Introduction: Theo Jansen Inspired Walking Robot Insect

About: I'm a Movie Special Effects Design Engineer - which is probably the coolest job I can imagine! I mostly work on Mechanical structures but occasionally (increasingly it seems) get involved in Electronic &…

I built this Walking Insect, inspired by the creations of Theo Jansen who used a Genetic Algorithm to find a set of linkages to form a leg where the foot moves in a locus suitable for walking. What he came up with has a very organic look to it in the way it moves.

He has used this linkage to produce the most wonderful kinetic sculptures including the Srandbeest. My creation is nowhere near as amazing - but is, I guess more a humble Engineer's interpretation of his artwork.

The parts were all cut on my CNC Plasma Table, published here as an Instructable, but you could equally well have the parts laser cut - or even cut them out of thick card with a scalpel from the DXF files provided.

I built this originally to take to the 2015 Newcastle Maker Faire in the UK to demonstrate the kind of thing you could make with my Plasma CNC which was my main exhibit. If anything, the robot received more attention than the Plasma Table!

Step 1: Cutting the Legs

As I said in the introduction, the leg linkages can be CNC Plasma Cut, Laser Cut - or at a pinch, 3D Printed. I've attached the original Solidworks part files here as well as STL files to help.

Each leg segment (two legs) contains 13 parts (plus nuts & bolts).

1 x Body Plasma
2 x Shoulder Plasma
2 x Top Link Plasma
2 x Bottom Link Right Plasma
2 x Calf Plasma
2 x Shin Plasma
2 x Foot Plasma

To walk smoothly, you need 6 legs (3 Leg Segments) on each side. Although this adds up to a lot of individual parts (78) they are mostly repeats of one another.

When I cut the parts, the definition of the fixing holes was not that great. If I were cutting it again, I would have the plasma mark the centres of the holes (info on line on how to do this) and drill them manually. I had to drill out the holes to the correct size after cutting. If you get the parts laser cut or 3D printed, this will be unnecessary.

Step 2: Drive Motors

I have used electric window motors from a Range Rover P38 which are available very cheaply in the UK. The one pictured above only cost £10. In other countries, this may not be the case but if you have a look on eBay, you should be able to find something similar.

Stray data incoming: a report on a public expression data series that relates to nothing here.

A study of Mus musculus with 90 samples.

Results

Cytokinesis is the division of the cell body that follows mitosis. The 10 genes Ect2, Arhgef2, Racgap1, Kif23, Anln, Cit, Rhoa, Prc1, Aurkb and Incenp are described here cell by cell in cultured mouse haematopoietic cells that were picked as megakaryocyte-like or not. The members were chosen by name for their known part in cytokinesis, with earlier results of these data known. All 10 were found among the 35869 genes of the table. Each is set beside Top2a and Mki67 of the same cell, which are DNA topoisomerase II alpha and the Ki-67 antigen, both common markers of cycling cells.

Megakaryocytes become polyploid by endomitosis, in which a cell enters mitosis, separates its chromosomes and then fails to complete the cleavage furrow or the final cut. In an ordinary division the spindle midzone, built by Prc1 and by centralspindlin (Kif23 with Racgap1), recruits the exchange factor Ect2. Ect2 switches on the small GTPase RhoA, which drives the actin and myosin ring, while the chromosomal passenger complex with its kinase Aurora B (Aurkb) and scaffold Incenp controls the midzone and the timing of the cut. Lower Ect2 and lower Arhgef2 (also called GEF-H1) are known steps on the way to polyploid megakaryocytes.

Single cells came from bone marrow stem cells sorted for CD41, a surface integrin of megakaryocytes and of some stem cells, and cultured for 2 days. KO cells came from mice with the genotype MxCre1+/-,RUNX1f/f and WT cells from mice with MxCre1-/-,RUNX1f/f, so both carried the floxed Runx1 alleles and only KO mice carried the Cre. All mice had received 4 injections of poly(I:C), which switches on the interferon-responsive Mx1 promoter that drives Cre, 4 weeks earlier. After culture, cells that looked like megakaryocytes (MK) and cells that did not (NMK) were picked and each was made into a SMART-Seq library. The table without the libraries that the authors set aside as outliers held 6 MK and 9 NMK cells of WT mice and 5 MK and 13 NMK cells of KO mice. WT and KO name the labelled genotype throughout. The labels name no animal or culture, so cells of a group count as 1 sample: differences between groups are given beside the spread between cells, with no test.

The motors themselves are 12v Worm Drive with a reduction ratio of about 50:1 - they produce bags of torque but still a respectable speed of about 180rpm.

Window winders are ideal as they are normally made in Left and Right hand versions - which are a mirror image of one another. This means two can be fixed back to back and the drive shafts will point outwards to the leg mechanisms (or wheels if you wanted to build a more traditional robot).

As you can see in the photograph, the motor has a drive gear. I found that you could just lever these off the shaft (with a bit of brute force!) without damaging the gearbox.

Each motor has several fixing holes which I drilled out to 6.5mm to accept M6 Studding to bolt the motors together.

Step 3: Crank Shafts

The crank shafts are all 3D printed. I went through many iterations to make these strong enough as, without bearings in the leg joints, there is quite a lot of resistance to the legs moving.

This is the version that worked the best!

The crank shafts are made from two pieces repeated (one pair per leg segment). The two pieces simply snap together with one Body plate inbetween.

You must assemble the two halves of the crank with 120 degrees rotation between them as shown. Make all six identical.

The STL files for the 3D printed parts are included in the next step.

Step 4: Spacers and Other 3D Printed Bits

There are a few other sundry parts including spacers to separate the leg segments and a spacer on to which Battery Holder Clips attach. I made these to suit a LiPo 3S Battery I have - but you'll likely have to adapt them to suit what you have.

Also in this file are the Drive Adaptor & Drive Pin. The Drive adaptor will press on to the splined output shaft of the motor and has a 5mm hole in the side into which you can wind an M6 Grub screw / bolt. It will cut it's own thread as it goes!

Step 5: Putting It All Together!

The images above are fairly self explanatory. In the last image, you can see a carrying handle. This is included amongst the DXF files and in the Solidworks models. I should have included it in the first and subsequent assembly steps - but I forgot!

I originally built mine with an Arduino, motor controller and a load of sensors intending that it crawls around autonomously. After a fair bit of work - it did. However, I decided that for a Maker Faire (think Children & over-curious Adults) it was too dangerous! The spikes on the legs are just a bit too sharp and I could see myself on the wrong end of a 'no win-no fee' Lawyer!

Instead I made it Radio Control with a cheap transmitter & receiver and a couple of electronic speed controllers intended for RC Cars. In retrospect, an RC metal insect is more fun anyway!